It was a long sprint to the corner flag for Maryland’s bench. But every single one made it. Mike Heitzmann was there first, swiftly followed by Jamie Lowell, the two celebrating. Heitzmann had just blasted a penalty down the middle past Rutgers keeper Oren Asher to win in the Big Ten tournament quarterfinal.

The shot was the culmination of a thrilling Saturday afternoon at Ludwig Field between the Terps and Scarlet Knights, one full of chances and controversy. And after two overtimes, Heitzmann’s winning strike sealed it on penalty kicks.

Both teams equaled each other’s efforts for 110 minutes, with two second half goals sending the game to overtime. Neither side found an edge in overtime, either. After a series of dubious no calls — one that earned Maryland men’s soccer coach Sasho Cirovski a red card for dissent — the game was decided by penalty kicks.

And the Terps prevailed.

“I knew I wasn’t gonna miss. I just knew it,” Heitzmann said.

Both teams slotted home their first attempts from the spot, but a miss from either side left it knotted at four after five penalties apiece. Lowell batted away the first kick in sudden death, giving Hetizmann a chance to win it; and the redshirt senior obliged, banging in the winner and sending Maryland’s fans into raptures.



After an energetic yet fruitless first half, the game came alive in the second. Maryland asserted itself, creating a flurry of chances. But Rutgers remained lively on the break, with Ola Maeland scoring the game’s opening goal with a dramatic bicycle kick in the 75th minute — busting out a backflip in celebration.

But his joy would be short lived. Justin Gielen responded shortly after, curling in a wonderful goal of his own with seven minutes remaining to knot the game at one.

“I was just screaming my head off,” Lowell said. “We needed that one.”

It was the culmination of an intense second half. The Terps asserted themselves in the opening minutes, the tandem of Ben Bender and Alex Nitzl creating opportunities down the left side of the pitch. Eric Matzelevich was the first beneficiary, lashing a shot of goal that was saved by a leaping Asher.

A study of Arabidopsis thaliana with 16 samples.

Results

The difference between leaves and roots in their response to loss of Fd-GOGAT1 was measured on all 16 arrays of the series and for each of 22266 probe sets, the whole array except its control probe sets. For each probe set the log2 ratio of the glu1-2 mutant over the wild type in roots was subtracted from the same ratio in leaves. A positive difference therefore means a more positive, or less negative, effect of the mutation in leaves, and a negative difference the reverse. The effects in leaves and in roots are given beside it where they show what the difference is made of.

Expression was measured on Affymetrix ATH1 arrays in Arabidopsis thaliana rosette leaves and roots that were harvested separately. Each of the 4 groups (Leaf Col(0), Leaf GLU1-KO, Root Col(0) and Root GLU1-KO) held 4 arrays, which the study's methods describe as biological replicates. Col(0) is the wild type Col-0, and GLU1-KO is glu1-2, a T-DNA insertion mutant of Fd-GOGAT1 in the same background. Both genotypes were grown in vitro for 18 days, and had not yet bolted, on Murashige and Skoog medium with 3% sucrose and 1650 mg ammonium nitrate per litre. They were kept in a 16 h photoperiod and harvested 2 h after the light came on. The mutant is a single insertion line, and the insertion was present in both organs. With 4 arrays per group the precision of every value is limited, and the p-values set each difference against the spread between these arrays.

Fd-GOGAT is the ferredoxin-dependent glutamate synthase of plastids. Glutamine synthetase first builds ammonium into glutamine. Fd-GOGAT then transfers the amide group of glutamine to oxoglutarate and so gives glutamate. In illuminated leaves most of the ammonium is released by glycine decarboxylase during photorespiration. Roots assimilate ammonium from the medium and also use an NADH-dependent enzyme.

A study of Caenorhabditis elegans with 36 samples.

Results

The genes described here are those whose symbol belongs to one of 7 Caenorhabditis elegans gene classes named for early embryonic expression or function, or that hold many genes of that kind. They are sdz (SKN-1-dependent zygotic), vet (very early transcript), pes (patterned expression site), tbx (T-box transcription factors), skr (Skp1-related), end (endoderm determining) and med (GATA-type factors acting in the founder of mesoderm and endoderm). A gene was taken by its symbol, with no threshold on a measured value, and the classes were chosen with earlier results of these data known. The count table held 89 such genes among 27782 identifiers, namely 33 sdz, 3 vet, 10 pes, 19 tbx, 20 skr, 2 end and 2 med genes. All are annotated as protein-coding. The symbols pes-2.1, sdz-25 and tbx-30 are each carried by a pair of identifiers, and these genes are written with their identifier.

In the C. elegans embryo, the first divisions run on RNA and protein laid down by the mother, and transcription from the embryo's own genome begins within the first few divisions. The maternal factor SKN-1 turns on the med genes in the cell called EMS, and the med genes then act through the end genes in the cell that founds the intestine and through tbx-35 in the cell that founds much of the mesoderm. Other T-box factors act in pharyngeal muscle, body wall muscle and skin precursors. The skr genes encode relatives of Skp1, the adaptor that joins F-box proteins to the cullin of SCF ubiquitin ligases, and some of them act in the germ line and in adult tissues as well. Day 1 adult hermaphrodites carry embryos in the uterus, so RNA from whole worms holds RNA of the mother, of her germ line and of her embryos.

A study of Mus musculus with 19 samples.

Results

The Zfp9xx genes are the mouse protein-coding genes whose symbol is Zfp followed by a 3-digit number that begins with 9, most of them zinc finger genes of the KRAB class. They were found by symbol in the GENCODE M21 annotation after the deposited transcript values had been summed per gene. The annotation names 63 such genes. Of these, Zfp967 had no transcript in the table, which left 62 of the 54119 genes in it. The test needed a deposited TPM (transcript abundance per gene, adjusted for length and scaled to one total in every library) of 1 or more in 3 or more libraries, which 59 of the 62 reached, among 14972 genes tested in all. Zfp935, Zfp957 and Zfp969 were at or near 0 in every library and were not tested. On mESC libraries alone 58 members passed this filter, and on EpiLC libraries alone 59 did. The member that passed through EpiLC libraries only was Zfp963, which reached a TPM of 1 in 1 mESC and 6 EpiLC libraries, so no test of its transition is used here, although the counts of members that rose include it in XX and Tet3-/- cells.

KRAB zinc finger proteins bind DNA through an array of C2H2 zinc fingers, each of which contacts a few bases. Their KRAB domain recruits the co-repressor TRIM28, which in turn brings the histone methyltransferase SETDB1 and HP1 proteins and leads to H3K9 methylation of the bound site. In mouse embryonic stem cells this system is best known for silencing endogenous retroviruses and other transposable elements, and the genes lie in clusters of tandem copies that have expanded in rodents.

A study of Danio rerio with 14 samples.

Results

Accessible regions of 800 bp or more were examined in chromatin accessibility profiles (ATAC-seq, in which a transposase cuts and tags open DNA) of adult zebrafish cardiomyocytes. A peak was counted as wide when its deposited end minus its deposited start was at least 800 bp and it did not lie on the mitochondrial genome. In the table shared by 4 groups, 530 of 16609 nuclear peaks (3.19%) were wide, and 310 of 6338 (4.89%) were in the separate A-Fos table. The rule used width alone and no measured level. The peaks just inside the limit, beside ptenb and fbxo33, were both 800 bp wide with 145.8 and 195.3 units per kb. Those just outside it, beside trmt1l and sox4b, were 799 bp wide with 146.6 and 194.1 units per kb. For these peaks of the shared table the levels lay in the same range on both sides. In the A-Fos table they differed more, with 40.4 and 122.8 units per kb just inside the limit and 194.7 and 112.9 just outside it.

Brayan Padilla was next, whipping a free kick right into Asher’s arms. Gielen followed with a chance shortly after, pushing the ball past his man in the box and shooting from a tight angle, but Asher once again responded with a save.

“The second half, we came out on fire, and really pushed the game,” Cirovski said.

The Scarlet Knights remained a threat, though, something Ritchie Barry suggested by forcing a tight one-on-one save with 25 minutes to play. And Maeland proved it with his flying volley to put the Scarlet Knights ahead, 1-0.

Maryland responded eight minutes later. Gielen was offered too much space outside the box, and took two touches before bending the ball into the corner.


“I gotta give it all to the backline. They shut them down, only gave up a few chances,” Lowell said.

So, overtime was needed to settle the score.

Maryland had its chances. Gielen had shots blocked twice. Padilla sent one wide after a deflection. Asher made a last ditch save off Padilla. The referee denied the Terps a dubious penalty.

And the frustration boiled over for Cirovski, who barked at the ref one too many times, swiftly being shown a red card.

The score was yet to be settled at the end of the first overtime period.

However, the second offered little else. Both teams looked short of legs, with Barry coming the closest, drawing a save from Lowell from short range. So, penalty kicks settled it.

And despite running for 110 minutes, the Terps had one more sprint left — one of jubilation and delight.

“Now it’s on to the semis,” Cirovski said.